ISBN-13: 978-0875011103 ISBN-10: 0875011101 Edition: First Edition (US) First Printing


  • Hardcover: 193 pages
  • Publisher: Ardis Publishers; First Edition (US) First Printing edition (September 1996)
  • Language: English
  • ISBN-10: 0875011101
  • ISBN-13: 978-0875011103
  • Product Dimensions: 9.2 x 6.2 x 0.7 inches
  • Shipping Weight: 1.1 pounds
  • Average Customer Review: 5.0 out of 5 stars  See all reviews (2 customer reviews)
  • Amazon Best Sellers Rank: #4,865,331 in Books (See Top 100 in Books)

Editorial Reviews

Amazon.com Review

The winner of the 1993 Russian Booker Prize for Baize-Covered Table with Decanter, Vladimir Makanin is nonetheless not well known in the West. The release of Escape Hatch & The Long Road Ahead should change that. This pair of novellas, both published in Russian in 1991, show Makanin to be a skillful and creative post-modernist whose work is rooted in both the tradition of the great masters of 19th-century Russian literature and the unique brand of Surrealism that grew out of the absurdities of life in the Soviet Union. While playing with the conventions of narrative and storytelling--as any good post-modernist must--Makanin grapples with moral choices and ethical dilemmas, as did all the great Russian writers who came before him.

From Publishers Weekly

Solzhenitsyn meets Kafka in two novellas of surreal bleakness that mark Makanin's U.S. debut. The first, "Escape Hatch," takes place in a city where society has broken down-through war, civil conflict, riot or perhaps just entropy-but a where a cafe-rich consumer society exists pleasantly-and literally-underground. Makanin's stoic everyman hero, Klyucharyov, survives as a refugee, a middleman between the ruined surface and the nostalgically normal bunker community connected by a secret shaft which, to his despair, begins to contract and close off. In the second novella, "The Long Road Ahead," both socialist realism and Brave New World-like dystopias are twisted in the story of a young engineer "on assignment" at a synthesized beef factory. The engineer's ethical shock at what really occurs at "point zero" on the assembly line is neatly interrupted by an account of a Soviet contemporary of the author's, whose schizophrenia is attuned to cruelty and injustice. Makanin's careful, gray style carries its own intensity, as in his depictions of Klyucharyov's claustrophobic tunneling or the gulag-slaughterhouse's "point zero" operations, forming an enigmatic post-Soviet voice. (May) FYI: Makanin won the Booker Russian Novel Prize in 1993 for Baize-covered Table with Decanter.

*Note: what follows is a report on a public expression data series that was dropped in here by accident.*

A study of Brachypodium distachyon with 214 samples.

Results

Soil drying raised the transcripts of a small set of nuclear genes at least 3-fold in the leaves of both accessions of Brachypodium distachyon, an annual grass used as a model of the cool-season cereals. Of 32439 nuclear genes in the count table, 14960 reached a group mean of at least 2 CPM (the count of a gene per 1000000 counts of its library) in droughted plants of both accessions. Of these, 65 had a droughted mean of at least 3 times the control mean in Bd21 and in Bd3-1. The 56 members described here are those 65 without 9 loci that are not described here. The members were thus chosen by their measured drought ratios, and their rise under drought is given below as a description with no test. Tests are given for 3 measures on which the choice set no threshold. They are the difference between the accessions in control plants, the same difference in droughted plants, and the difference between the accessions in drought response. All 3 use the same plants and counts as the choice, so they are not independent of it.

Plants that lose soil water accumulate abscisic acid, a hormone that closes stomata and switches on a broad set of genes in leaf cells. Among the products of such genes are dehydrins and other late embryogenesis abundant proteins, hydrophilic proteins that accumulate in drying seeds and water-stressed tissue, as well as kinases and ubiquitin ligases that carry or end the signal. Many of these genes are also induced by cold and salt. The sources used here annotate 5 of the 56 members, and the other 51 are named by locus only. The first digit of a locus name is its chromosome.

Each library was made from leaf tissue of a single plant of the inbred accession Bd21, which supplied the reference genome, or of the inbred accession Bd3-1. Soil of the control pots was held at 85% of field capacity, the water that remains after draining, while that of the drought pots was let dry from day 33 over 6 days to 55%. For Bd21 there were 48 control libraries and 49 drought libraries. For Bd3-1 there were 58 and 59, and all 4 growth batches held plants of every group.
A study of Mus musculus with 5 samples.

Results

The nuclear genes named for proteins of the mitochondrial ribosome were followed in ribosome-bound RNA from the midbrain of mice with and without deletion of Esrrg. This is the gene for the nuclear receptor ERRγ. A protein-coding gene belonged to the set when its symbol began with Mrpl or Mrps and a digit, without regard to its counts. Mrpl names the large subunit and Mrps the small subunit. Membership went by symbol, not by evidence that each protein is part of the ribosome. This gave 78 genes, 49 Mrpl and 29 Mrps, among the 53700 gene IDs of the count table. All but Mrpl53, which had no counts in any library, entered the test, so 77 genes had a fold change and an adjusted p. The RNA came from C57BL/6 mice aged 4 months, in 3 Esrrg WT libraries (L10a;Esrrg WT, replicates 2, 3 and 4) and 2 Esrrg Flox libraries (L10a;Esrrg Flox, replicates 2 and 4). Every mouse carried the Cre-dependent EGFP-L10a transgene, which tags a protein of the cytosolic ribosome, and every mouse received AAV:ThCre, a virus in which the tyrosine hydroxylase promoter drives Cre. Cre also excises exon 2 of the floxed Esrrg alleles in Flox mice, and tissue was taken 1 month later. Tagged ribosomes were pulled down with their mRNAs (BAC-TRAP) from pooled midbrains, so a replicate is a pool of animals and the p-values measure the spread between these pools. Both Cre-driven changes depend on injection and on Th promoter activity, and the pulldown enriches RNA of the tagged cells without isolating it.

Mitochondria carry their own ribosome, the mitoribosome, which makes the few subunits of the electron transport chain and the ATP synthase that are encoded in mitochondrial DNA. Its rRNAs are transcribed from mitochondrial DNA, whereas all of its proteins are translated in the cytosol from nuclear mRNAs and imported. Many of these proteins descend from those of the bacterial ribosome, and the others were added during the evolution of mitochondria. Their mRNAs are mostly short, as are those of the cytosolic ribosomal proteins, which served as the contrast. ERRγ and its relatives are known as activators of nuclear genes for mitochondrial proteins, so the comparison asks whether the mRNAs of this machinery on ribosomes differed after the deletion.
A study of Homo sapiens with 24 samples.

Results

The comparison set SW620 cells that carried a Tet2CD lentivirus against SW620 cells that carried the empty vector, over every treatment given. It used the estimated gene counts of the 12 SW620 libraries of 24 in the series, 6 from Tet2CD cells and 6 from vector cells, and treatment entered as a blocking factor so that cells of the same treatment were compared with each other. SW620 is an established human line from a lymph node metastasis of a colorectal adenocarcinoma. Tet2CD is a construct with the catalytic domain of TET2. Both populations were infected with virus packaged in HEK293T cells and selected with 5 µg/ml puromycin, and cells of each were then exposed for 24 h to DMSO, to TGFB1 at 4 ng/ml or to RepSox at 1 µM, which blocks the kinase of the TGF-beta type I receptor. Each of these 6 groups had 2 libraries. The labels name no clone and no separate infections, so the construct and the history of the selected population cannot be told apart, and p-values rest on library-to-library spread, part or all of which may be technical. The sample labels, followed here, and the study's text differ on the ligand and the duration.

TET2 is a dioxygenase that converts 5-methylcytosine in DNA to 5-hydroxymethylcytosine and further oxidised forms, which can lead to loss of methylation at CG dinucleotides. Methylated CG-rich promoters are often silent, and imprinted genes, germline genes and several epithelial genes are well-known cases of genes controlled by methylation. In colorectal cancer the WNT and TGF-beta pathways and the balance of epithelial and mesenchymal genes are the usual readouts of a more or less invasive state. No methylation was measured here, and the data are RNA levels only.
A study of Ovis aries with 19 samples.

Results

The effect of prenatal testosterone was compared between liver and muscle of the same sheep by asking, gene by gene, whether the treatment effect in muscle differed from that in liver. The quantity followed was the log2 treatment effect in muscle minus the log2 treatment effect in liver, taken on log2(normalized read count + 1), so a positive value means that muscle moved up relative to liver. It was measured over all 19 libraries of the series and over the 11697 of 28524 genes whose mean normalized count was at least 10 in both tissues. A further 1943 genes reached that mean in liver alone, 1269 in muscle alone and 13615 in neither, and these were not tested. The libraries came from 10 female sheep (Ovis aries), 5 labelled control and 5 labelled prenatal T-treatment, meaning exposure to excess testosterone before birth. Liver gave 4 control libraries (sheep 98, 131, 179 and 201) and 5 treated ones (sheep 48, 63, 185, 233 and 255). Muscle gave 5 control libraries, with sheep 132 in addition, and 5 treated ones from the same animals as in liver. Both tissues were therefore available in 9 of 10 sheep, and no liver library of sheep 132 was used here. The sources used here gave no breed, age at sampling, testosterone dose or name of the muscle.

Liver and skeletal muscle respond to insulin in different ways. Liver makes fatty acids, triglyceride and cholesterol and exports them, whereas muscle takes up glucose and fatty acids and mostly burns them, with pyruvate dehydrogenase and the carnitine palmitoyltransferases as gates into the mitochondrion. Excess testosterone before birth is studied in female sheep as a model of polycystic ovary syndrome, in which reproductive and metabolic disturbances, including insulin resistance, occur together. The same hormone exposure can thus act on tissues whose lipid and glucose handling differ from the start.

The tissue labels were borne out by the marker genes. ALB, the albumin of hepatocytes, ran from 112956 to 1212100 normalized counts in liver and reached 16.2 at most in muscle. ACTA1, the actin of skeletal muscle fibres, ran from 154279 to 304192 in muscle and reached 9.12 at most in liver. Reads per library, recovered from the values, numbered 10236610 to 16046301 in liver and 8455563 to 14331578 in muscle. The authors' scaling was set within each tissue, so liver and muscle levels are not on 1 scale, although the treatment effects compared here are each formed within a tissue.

Copyright 1996 Reed Business Information, Inc.

Format: Paperback Verified Purchase
I do not want to this review to be a spoiler, so, just a few brief words.
This is an amazingly good author. The translation is flawless. If you are or were a fan of Kafka you will love it (it is original, it is not a kafka re-written).
Format: Paperback
I haven't gotten to "The Long Road Ahead" yet, but the first novella, "Escape Hatch" was so moving and engrossing that I finished it (after an intense morning with it glued to my fingers) changed. What struck me most about the work is how it refuses to pass judgement on its characters-- no one is good or evil, but everyone is lost, everyone is stuck in a world they don't want to be in. And the passages with the retarded son were especially touching. Read this story.